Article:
Gin - And How it Can Save Australia

What to Bring

  • An open mind and readiness to imbibe! (Note - 18+ only).

What to Wear

  • Casual

Gin - And How it Can Save Australia

About This Class

What You Will Learn

  • How Gin distilleries can benefit their agricultural landscape

Description

Learn about the artistic craft of Gin distillation from the Master Distiller Brendan Carter - the name behind the likes of Applewood, Prohibition Gin, Barossa Distilling Co & Broken Spectre - and how the most creative of all spirits can save the agricultural landscape and help us find our own Australian identity.  

Please note this is an 18+ only event.

A bit about Brendan Carter:

Brendan Carter - director, chief thinker and tinkerer of Ochre Nation - an organisation that encompasses Unico Zelo Winery, Harvest Grower's Co-Operative and Applewood Distillery. Together with his wife, Laura Carter - they seek out ways to align profitability with sustainability whilst crafting products that speak of where they come from - the sites, soils, lifestyle and culture of Australia.

Being winemakers, Brendan and Laura are incredibly passionate about the soil and produce here in Australia. It's their contention to showcase products to the rest of the world that embrace Australian native ingredients and pay homage to the custodianship of the indigenous people who maintained the land for thousands of years.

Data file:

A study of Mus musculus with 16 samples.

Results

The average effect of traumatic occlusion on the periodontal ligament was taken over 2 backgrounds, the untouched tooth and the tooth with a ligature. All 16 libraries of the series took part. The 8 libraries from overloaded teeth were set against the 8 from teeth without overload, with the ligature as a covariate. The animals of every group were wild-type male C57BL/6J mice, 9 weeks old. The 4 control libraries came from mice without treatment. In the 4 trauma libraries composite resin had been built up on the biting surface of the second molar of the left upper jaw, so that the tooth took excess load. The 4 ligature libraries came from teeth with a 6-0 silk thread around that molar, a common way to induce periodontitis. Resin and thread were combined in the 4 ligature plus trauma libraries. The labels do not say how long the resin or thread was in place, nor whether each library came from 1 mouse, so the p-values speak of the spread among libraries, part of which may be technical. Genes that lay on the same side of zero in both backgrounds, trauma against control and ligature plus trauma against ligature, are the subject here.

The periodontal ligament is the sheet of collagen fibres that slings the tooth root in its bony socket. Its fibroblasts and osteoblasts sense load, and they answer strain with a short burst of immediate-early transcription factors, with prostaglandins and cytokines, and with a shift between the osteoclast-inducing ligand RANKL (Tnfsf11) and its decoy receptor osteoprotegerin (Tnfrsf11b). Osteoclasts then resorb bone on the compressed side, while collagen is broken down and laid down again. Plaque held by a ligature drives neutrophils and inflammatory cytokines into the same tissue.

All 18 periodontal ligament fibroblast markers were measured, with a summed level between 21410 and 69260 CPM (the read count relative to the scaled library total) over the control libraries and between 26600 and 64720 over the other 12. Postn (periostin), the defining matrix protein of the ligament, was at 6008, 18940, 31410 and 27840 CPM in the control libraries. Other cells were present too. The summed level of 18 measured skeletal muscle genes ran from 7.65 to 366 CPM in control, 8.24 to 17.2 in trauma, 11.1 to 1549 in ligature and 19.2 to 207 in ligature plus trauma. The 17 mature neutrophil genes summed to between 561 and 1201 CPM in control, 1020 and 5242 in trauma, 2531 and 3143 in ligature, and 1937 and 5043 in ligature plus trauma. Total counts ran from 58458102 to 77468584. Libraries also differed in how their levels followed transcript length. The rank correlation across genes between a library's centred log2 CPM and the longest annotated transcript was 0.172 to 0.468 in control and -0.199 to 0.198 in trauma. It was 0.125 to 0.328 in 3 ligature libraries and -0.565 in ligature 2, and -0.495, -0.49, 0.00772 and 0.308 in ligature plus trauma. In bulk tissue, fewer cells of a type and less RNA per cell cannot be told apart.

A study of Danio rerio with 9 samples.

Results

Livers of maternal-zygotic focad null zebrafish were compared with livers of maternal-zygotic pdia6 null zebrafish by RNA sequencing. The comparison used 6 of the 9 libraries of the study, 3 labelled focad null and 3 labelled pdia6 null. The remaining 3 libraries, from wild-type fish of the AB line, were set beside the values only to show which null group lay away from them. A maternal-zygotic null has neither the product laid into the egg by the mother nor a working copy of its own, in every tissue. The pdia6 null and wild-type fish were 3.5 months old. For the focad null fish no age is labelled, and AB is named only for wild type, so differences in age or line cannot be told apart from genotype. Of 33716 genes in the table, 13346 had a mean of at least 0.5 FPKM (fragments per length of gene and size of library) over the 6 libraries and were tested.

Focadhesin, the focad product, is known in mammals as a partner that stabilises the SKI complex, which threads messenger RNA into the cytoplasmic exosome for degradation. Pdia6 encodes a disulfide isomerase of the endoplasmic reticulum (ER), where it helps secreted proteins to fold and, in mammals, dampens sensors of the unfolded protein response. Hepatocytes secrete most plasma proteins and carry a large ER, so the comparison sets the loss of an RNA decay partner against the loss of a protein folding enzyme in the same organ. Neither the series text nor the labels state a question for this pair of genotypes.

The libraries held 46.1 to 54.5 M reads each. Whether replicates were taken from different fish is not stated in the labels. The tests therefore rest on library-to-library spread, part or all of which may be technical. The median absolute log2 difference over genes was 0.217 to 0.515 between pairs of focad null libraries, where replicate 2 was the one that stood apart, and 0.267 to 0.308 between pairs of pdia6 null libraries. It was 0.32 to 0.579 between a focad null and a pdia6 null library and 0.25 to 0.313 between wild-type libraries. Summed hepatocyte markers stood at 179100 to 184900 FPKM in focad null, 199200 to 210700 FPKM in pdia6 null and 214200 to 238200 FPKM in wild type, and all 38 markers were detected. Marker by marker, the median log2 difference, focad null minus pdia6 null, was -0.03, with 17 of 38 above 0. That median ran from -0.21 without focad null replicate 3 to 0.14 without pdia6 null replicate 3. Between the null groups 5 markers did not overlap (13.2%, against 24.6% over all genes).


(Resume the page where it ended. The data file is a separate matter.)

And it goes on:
It's this passion that has driven them to start two wine labels, one that protects our farmers and another that protects our future. They have since taken these concepts and started their distillery, applewood. As a brand, they seek Australian identity in the products they craft and the services they offer. Brendan’s hope is that these Australian stories can one-day be heard on a global scale.

See yourself here?
Book soon. 111 people viewed this class.
Gin - And How it Can Save Australia - 08 Jun 2017 6:00 PM

Brilliant class. Learned a lot about native botanicals and flora in general and how through utilising these natives which are not reliant on irrigation, we can make better use of our arable land and limited water resources and promote Australia and its unique flora and fauna.